Carl Packman was born in a British military hospital in Hanover, Germany. He studied Film and Philosophy at London Metropolitan University and since graduating has worked in a school and as a researcher for a social enterprise focusing on children's policy. He is now freelancing his research services to several organizations. He has contributed written material to many publications including the Guardian, the New Statesman and academic journals such as Rethinking Marxism and the International Journal of Zizek Studies. Carl blogs mainly at Raincoat Optimism and Though Cowards Flinch.
Why do you blog? > At first it was because I had lots of unpublished written material from university or quick doodlings that I felt should go somewhere; now it's because I'm obsessed with writing.
What has been your best blogging experience? > Only a couple of months after I started blogging I published a piece on Tory bloggers and Andy Coulson. Guido Fawkes commented and we started to debate. I started to get worried that I had libelled him, but instead he ended the debate by saying 'I'm off on my holidays. Bye.' Relief and success.
What has been your worst blogging experience? > After I had written a piece about organ donation, another blogger replied by writing a piece himself saying how I was a terrible writer and dismissive of criticism. The former maybe, the latter definitely not.
Who are your intellectual heroes? > Karl Marx, Sigmund Freud, Jean-Paul Sartre.
What are you reading at the moment? > Tony Judt's Postwar and Graham Turner's No Way To Run An Economy.
Who are your cultural heroes? > John Zorn, René Magritte, Jean-Luc Godard.
What is the best novel you've ever read? > Dostoyevsky's Notes From Underground.
Who is your favourite composer? > Wagner.
Can you name a major moral, political or intellectual issue on which you've ever changed your mind? > Palestine: as a young member of a certain far left organization I was blinded into a very naïve position on the state of Israel, which I have since reconsidered.
What philosophical thesis do you think it most important to disseminate? > The Hegelian Dialectic.
What philosophical thesis do you think it most important to combat? > Postmodernism.
Who are your political heroes? > Wat Tyler, Clem Attlee, Evo Morales.
If you could effect one major policy change in the governing of your country, what would it be? > Nationalize financial services.
What would you do with the UN? > Withdraw representation from undemocratic countries or those with appalling human rights records.
What do you consider to be the main threat to the future peace and security of the world? > The rise and technological advancement of political fundamentalism hiding under the guise of Islam.
Do you think the world (human civilization) has already passed its best point, or is that yet to come? > I'm too much of an idealist (at my tender age) to be a so-called political realist (of the type John Gray talks about in his book Straw Dogs), and I have a hope that civilization will afford something akin to global democracy and peace in my lifetime, or at the very least corruption and evil be officially held at arms length, unlike now when in certain sections of the world it is the only thing people know.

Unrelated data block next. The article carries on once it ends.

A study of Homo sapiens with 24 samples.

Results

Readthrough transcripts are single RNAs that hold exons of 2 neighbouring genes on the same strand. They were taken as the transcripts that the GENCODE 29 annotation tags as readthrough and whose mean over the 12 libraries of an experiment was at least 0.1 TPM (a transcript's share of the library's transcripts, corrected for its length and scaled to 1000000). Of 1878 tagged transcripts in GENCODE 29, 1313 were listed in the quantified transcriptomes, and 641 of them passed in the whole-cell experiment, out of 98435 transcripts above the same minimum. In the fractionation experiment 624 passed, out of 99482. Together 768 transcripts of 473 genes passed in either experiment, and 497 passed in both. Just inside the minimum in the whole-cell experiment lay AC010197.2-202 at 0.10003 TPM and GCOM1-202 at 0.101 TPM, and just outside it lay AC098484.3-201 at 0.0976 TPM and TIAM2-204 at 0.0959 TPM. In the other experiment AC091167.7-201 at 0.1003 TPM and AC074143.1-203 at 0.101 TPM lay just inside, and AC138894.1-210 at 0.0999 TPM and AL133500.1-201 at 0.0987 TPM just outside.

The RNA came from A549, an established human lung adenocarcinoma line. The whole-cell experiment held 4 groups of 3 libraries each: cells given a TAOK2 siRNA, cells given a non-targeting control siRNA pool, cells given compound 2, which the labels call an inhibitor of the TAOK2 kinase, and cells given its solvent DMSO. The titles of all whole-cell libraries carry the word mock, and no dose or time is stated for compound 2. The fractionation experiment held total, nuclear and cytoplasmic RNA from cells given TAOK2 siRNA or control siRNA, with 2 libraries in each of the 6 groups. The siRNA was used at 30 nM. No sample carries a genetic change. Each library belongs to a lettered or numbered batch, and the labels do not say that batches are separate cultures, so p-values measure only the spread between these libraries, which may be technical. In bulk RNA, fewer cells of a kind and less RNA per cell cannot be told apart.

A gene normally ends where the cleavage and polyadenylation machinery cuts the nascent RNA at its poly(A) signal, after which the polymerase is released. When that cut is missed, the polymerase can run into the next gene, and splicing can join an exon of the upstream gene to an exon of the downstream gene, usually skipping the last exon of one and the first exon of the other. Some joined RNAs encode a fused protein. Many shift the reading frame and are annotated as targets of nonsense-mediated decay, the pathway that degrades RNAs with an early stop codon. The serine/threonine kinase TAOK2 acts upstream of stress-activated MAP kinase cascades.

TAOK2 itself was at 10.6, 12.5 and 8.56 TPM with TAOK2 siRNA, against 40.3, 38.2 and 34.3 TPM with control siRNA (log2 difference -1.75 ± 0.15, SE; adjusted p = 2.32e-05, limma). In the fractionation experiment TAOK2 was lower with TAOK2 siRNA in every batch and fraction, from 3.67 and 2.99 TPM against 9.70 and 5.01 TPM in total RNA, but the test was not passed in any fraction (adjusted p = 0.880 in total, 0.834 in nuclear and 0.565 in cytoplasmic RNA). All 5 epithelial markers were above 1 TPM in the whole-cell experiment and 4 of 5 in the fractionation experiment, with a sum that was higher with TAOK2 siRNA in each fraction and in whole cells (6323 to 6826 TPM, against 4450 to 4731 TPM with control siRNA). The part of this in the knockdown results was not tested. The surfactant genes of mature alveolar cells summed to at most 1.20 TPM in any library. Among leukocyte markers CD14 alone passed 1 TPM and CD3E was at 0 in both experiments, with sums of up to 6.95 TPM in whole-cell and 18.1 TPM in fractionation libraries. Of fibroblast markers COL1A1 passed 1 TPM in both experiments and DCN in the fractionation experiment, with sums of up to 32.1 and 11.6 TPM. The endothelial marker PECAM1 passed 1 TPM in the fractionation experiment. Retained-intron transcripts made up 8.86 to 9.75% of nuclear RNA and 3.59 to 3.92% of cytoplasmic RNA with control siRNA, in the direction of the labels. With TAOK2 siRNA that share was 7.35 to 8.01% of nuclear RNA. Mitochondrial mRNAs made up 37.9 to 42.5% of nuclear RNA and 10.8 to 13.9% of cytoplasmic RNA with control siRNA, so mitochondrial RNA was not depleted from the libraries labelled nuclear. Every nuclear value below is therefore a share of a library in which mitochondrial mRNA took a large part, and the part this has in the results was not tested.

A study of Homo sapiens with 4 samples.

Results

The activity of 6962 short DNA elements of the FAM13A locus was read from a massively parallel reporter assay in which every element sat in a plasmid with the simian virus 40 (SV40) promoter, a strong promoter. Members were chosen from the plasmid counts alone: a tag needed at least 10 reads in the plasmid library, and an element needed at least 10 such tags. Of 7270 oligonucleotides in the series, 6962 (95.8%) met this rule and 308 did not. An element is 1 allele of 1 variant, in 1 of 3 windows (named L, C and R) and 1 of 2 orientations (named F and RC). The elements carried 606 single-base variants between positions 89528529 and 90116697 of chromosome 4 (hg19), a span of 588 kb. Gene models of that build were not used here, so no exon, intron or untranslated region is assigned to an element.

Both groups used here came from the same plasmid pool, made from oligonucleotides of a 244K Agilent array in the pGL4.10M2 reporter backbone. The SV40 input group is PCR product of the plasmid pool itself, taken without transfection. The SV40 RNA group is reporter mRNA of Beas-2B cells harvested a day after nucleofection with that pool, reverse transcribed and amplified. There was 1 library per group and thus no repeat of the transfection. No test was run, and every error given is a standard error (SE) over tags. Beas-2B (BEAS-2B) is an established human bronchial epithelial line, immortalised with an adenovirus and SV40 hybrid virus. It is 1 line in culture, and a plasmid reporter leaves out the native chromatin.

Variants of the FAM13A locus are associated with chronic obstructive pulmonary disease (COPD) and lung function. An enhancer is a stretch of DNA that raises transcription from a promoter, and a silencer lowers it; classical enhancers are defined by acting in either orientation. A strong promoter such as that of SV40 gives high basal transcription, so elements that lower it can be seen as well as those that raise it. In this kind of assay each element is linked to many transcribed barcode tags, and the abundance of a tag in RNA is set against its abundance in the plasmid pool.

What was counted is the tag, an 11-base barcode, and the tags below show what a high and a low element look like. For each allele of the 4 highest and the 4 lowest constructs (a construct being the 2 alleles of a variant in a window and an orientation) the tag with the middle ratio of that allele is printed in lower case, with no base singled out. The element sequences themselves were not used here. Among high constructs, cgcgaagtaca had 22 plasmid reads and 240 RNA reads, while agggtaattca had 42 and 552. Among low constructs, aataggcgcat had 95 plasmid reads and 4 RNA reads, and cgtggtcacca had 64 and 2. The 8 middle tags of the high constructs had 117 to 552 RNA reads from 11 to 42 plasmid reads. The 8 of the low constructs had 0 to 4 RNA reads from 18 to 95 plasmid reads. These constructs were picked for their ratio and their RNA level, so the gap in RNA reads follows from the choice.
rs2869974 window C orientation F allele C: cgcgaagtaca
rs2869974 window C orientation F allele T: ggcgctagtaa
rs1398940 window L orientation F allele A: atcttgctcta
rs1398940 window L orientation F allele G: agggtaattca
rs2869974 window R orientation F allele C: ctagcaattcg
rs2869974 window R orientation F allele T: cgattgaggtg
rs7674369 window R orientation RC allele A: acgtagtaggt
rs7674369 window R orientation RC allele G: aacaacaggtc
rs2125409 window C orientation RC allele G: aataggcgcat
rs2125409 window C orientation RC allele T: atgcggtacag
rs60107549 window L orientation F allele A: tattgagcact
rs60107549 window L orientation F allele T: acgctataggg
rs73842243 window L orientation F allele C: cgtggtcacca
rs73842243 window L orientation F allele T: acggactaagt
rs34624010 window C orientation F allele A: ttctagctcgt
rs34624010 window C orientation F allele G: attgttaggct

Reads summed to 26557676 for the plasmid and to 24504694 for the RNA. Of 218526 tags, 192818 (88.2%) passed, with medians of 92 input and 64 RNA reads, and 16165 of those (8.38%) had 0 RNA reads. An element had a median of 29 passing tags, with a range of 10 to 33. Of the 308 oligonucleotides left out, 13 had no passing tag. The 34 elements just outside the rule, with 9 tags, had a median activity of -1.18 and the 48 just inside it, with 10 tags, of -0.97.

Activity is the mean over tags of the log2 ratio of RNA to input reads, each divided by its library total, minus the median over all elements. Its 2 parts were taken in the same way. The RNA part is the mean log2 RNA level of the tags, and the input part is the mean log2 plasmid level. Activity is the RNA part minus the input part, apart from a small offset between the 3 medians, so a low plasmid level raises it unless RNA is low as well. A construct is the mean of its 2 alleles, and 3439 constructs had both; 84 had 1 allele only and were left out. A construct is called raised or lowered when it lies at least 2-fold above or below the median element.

Do you think you could ever be married to, or in a long-term relationship with, someone with radically different political views from your own? > Yes I could - debate is the lifeblood of any good relationship. Of course this is all dependent upon me winning every argument; to the contrary would be an issue.
What personal fault do you most dislike? > Instinctual contrarianism.
In what circumstances would you be willing to lie? > I'm not precious about such things; if it benefits the situation tell a lie (e.g. does this look good on me? have you been drinking? that sort of thing).
Do you have any prejudices you're willing to acknowledge? > Yes - towards members of the Socialist Workers Party.
What commonly enjoyed activities do you regard as a waste of time? > Sports.
What would you call your autobiography? > A Life More or Less Ordinary.
Who would play you in the movie about your life? > A younger David Thewlis (circa 1993).
Where would you most like to live (other than where you do)? > I would like to live in Salta, Argentina - it's the best place I've ever been.
What would be your ideal choice of alternative profession or job? > Full-time journalist and writer.
Who is your favourite comedian or humorist? > Stewart Lee.
If you could have one (more or less realistic) wish come true, what would you wish for? > Appear on Have I Got News For You.
How, if at all, would you change your life were you suddenly to win or inherit an enormously large sum of money? > I'd invest in a very pretentious café/second-hand bookshop in London, big enough to hold open mic sessions.
If you could have any three guests, past or present, to dinner who would they be? > Christopher Hitchens, W.G. Sebald, Groucho Marx.
[The normblog profile is a weekly Friday morning feature. A list of all the profiles to date, and the links to them, can be found here.]